After the modest spending of the last few months, I was greeted by a mighty thwack with September’s Bill. The damage was nearly NT$80,000! So what happened? How could it be so high?
Actually, most credit card statements tell a story: this was no exception. It’s a story of three parts.
Part 1: The business
We’ve been on an energy economy drive for the past four or five months, and the benefits are slowly beginning to pay off in lower electricity bills and lower carbon emissions. It’s staggering how little changes in behavior can have such significant effects: lighting choices, replacing older equipment, changing usage patterns, etc.. I don’t have complete stats for 2008, but I was surprised at how we’ve saved nearly 10% of our annual electricity bill, and there is still one major bill to go. Stay tuned!
Replacing A/Cs is perhaps the most notable way to cut energy use. Our oldest A/Cs are nearly 8 years old, and due for replacement, if nothing else because more modern A/Cs are comparatively more efficient. So after replacing one, we bit the bullet and replaced the one in the office (likely the single heaviest use appliance in the entire school). This month we replaced one that had been malfunctioning in the classroom ever since there was a power outage. It had just been blowing warm air, and wasting our money.
- Damage: NT$48,800 plus installation NT$1450.
Was it worth it? Certainly. Will we save money in the long run? Likely enough to pay for the entire machine! Are our customers/staff happier? For sure.
Part 2: UK Trip
The second part of the story: my unexpected trip to the UK. It was late September when I decided to visit the UK to see my family and friends (an entirely social trip!) but long needed. Maintaining long distance relationships is at best very challenging, at worst almost impossible.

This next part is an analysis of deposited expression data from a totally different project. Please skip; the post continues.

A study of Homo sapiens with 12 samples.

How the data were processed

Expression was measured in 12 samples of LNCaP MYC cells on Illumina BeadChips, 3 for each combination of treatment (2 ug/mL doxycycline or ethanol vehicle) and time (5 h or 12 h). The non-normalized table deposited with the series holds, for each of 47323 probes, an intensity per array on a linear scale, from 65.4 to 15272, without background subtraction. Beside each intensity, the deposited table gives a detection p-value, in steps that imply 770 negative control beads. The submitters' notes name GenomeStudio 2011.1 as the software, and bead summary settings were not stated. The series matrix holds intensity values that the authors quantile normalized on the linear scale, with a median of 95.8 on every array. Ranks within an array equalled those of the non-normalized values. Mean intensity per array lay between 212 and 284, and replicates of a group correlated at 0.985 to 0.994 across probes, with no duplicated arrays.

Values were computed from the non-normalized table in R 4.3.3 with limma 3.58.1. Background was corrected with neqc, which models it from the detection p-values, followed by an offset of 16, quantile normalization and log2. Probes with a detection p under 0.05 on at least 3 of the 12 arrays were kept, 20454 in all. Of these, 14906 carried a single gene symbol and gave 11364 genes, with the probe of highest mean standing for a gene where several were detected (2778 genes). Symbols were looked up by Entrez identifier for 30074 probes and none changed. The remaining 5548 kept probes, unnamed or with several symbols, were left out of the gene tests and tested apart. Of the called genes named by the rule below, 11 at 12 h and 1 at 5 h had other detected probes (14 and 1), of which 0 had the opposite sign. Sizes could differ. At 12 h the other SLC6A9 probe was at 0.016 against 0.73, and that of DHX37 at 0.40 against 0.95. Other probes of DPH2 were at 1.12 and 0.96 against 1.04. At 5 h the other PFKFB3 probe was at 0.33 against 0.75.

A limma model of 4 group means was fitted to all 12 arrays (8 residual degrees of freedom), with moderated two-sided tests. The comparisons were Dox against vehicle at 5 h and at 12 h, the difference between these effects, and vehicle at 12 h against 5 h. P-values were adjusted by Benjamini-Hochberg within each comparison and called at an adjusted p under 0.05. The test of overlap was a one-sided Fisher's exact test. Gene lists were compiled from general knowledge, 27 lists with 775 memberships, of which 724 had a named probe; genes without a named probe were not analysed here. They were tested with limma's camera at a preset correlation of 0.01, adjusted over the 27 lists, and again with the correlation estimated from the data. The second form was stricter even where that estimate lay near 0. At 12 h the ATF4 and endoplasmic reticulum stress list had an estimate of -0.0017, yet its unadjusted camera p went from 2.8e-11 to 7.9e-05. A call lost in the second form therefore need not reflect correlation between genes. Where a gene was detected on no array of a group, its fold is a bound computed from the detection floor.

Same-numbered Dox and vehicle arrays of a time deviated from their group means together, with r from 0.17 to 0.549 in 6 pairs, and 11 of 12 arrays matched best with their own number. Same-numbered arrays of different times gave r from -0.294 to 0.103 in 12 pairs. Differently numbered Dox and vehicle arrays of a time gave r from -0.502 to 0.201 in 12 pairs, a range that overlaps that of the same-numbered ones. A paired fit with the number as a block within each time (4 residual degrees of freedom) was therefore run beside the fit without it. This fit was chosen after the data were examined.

Though, this is the complete list of credit card expenses until September 19th, it was NOT the entire trip expenditure. Woops!
- Phone Bill: NT$1154 – including national and roaming charges;
- Nolita Restaurants: NT$6630 – a meal for my friends, Jane and Philip in Hatfield, which was surprisingly reasonable given the restaurant, but didn’t include much alcohol – one was exhausted and one was driving!
- Boots and Asda: NT$1244 – daily expenses (esp. when I couldn’t cash my traveler’s checks);
Part 3: Online Related Expenses
I finally bought a ‘puter that I could put in my bag. One of the ironies though was that I bought a machine that was made by a Taiwanese company in Shanghai shipped to England and sold cheaper than you could buy in Taiwan at the time.
Mine’s the blue one! Of course, not running Linpus. Sorry!
Enter the Acer AspireOne – Net Book. It’s proved very useful, and I’m seriously glad that I got it. I was able to make calls through SKYPE, surf the Net, listen to music and even do more than just rudimentary blogging on that little 8.9″ screen.
- Damage: NT$17,310. Of course, being an overseas customer, I may be able to reclaim part of my tax (approx. NT$1800) making the deal even better value for me!
I also paid a writer who is helping me co-author a series of posts on the Dow Jones Indexed Companies. I also paid Google an AdWords activation fee.
- Total cost for this: NT$1319.
And, finally, after earning points on the airconditioner purchases at Carrefour, bonus points on our credit card bonus points, we also earned a little cash back on some of my purchases: NT$-213.
- I’m still not exactly sure what purchases triggered this, but still every little helps to reduce the total damage: NT$79,694.
There were no interest or penalties added to this month’s credit cards, and my secondary card had no outstanding purchases at all. oh, and I nearly forgot the NT$2000 life insurance premium that was paid.
It’s funny how credit card expenses can highlight the unfolding stories that compromise our lives. Have a look through your credit card statement? Can you see a story developing there?
- Oh, and by the way: most frivolous expense trip – Hong Kong Airport Starbucks Americano and water bought with a credit card HK$39.00. Just silly.